Navy ships begin returning to Oahu after Hawaii’s near miss by Hurricane Douglas
By WYATT OLSON | STARS AND STRIPES Published: July 27, 2020
FORT SHAFTER, Hawaii — Navy vessels that sortied out of Hawaii during the approach of Hurricane Douglas over the weekend began returning Monday to Oahu, which was largely spared damage by wind or flooding from the storm.
“There is no damage to the piers from the storm, and Navy vessels are beginning to return to port,” Navy Region Hawaii said in a statement Monday. “This will be completed in the coming days.”
The Navy did not disclose the number of ships and submarines that sortied.
The Army resumed normal operations at all gates at Schofield Barracks and Fort Shafter at 7 a.m. Monday, while the Coast Guard lifted all remaining restrictions on commercial ports in the state.
“As of 5 a.m., Hurricane Douglas was moving away from the main Hawaiian Islands,” the Coast Guard said in a statement. “A hurricane warning remains for portions of the Papahanaumokuakea Marine National Monument.”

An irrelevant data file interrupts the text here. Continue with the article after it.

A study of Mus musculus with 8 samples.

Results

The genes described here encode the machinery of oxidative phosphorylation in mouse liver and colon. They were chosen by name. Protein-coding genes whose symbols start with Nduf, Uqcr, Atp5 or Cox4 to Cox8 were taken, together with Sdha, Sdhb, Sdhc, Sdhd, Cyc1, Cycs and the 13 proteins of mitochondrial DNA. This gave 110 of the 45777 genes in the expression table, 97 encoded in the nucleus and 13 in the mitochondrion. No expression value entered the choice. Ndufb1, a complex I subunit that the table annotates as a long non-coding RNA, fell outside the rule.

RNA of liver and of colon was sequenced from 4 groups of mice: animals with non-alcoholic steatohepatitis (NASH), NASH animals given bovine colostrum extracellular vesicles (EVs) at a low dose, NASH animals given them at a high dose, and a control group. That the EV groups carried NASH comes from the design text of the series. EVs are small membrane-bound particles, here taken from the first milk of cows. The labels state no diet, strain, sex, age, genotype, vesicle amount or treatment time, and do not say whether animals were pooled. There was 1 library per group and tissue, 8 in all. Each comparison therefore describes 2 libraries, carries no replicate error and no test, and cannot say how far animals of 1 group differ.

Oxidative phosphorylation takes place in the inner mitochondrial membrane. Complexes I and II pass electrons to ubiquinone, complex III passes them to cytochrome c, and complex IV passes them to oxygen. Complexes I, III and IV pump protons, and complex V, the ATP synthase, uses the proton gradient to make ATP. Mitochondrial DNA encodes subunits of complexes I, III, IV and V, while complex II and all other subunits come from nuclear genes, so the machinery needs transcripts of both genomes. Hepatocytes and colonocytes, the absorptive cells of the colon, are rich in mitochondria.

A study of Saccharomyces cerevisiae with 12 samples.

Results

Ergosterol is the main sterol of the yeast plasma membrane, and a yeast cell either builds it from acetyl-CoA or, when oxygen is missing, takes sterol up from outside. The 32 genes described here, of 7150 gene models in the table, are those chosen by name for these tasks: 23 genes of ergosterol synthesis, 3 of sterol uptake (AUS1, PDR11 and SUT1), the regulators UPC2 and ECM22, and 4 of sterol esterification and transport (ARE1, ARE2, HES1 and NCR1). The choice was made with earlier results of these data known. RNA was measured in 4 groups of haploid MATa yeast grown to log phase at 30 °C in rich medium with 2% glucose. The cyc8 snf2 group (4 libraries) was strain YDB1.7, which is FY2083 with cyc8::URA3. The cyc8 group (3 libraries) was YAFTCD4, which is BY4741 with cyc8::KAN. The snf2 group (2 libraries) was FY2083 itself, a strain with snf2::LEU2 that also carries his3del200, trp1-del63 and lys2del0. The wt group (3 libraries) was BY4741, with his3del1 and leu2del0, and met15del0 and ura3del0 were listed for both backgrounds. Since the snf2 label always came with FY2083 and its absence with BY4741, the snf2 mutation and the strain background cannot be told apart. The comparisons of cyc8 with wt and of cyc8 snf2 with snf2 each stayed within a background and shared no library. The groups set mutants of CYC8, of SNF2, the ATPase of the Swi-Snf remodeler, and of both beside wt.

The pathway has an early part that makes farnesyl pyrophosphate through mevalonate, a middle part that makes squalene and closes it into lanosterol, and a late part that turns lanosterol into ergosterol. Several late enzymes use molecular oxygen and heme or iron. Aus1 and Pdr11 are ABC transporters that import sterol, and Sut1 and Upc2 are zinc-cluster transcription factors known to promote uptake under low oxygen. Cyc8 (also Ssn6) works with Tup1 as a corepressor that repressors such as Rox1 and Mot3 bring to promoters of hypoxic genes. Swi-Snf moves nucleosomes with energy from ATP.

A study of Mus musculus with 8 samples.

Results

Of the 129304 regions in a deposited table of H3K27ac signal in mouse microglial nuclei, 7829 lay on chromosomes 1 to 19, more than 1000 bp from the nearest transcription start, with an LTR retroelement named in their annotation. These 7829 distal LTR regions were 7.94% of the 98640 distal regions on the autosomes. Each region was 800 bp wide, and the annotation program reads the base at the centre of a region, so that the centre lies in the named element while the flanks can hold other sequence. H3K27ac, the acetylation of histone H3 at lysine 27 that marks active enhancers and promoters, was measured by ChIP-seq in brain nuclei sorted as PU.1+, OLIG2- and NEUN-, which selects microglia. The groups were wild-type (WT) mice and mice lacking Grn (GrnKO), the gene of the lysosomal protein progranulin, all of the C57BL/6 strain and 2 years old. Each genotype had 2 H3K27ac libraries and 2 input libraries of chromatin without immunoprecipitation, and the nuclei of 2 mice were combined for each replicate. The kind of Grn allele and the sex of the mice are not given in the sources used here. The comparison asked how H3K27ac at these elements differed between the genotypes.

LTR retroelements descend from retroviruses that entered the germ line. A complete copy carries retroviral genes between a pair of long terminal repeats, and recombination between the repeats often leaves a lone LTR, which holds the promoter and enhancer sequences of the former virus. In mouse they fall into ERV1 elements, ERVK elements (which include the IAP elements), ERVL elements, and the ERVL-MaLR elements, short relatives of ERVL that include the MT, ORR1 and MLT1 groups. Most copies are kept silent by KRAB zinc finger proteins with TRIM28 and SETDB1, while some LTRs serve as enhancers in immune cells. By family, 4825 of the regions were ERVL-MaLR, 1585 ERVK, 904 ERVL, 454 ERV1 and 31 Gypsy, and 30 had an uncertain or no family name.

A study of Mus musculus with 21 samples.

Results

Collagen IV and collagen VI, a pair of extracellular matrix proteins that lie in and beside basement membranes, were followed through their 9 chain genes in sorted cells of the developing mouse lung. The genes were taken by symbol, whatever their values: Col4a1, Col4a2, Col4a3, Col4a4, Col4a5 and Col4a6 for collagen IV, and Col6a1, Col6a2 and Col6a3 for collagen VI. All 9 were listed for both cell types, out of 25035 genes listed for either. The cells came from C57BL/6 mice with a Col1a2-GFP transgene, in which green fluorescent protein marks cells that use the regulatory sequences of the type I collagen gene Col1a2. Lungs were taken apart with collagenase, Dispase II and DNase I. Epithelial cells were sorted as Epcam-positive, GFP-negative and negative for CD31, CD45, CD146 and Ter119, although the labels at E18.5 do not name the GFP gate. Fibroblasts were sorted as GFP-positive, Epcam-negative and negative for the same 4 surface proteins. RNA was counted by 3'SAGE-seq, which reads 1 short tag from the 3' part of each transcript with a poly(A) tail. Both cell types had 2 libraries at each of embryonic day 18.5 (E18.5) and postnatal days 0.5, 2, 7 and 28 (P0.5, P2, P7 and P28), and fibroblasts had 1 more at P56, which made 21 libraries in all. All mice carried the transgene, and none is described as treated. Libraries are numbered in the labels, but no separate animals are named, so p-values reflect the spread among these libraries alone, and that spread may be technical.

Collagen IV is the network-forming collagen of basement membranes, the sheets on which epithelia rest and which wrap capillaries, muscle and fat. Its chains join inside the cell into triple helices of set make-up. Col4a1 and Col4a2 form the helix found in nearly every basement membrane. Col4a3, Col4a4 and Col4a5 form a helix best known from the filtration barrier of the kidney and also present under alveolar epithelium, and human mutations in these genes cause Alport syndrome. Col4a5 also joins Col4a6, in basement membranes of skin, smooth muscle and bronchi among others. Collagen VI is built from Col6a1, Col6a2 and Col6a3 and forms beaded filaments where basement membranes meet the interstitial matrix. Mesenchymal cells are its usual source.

Strong surf and rip currents remain threats on the state’s shorelines, even with the passing of the hurricane, the Coast Guard said.
An Air Force Reserve crew dubbed the Hurricane Hunters collected weather data during flights above the storm, which was the first hurricane of the Pacific this season. The reconnaissance squadron is based at Keesler Air Force Base, Miss.
The eye of the hurricane passed roughly 35 miles north of Oahu at about 7:30 p.m. Sunday, according to the Central Pacific Hurricane Center. It then passed 40 miles north of Kauai island around midnight.
The state’s major military installations are on Oahu, while the Navy’s Barking Sands Pacific Missile Range Facility is on Kauai.
Robert Ballard, science and operations officer for the Central Pacific Hurricane Center, on Monday told Hawaii Public Radio that the islands missed a direct hit by a “razor thin” margin that could have easily closed because hurricanes do not move in a straight line.
“They tend to zig-zag a little bit,” Ballard told the radio station as Douglas approached Sunday. “If one of those zags happens by the islands, it could bring drastically worse conditions.”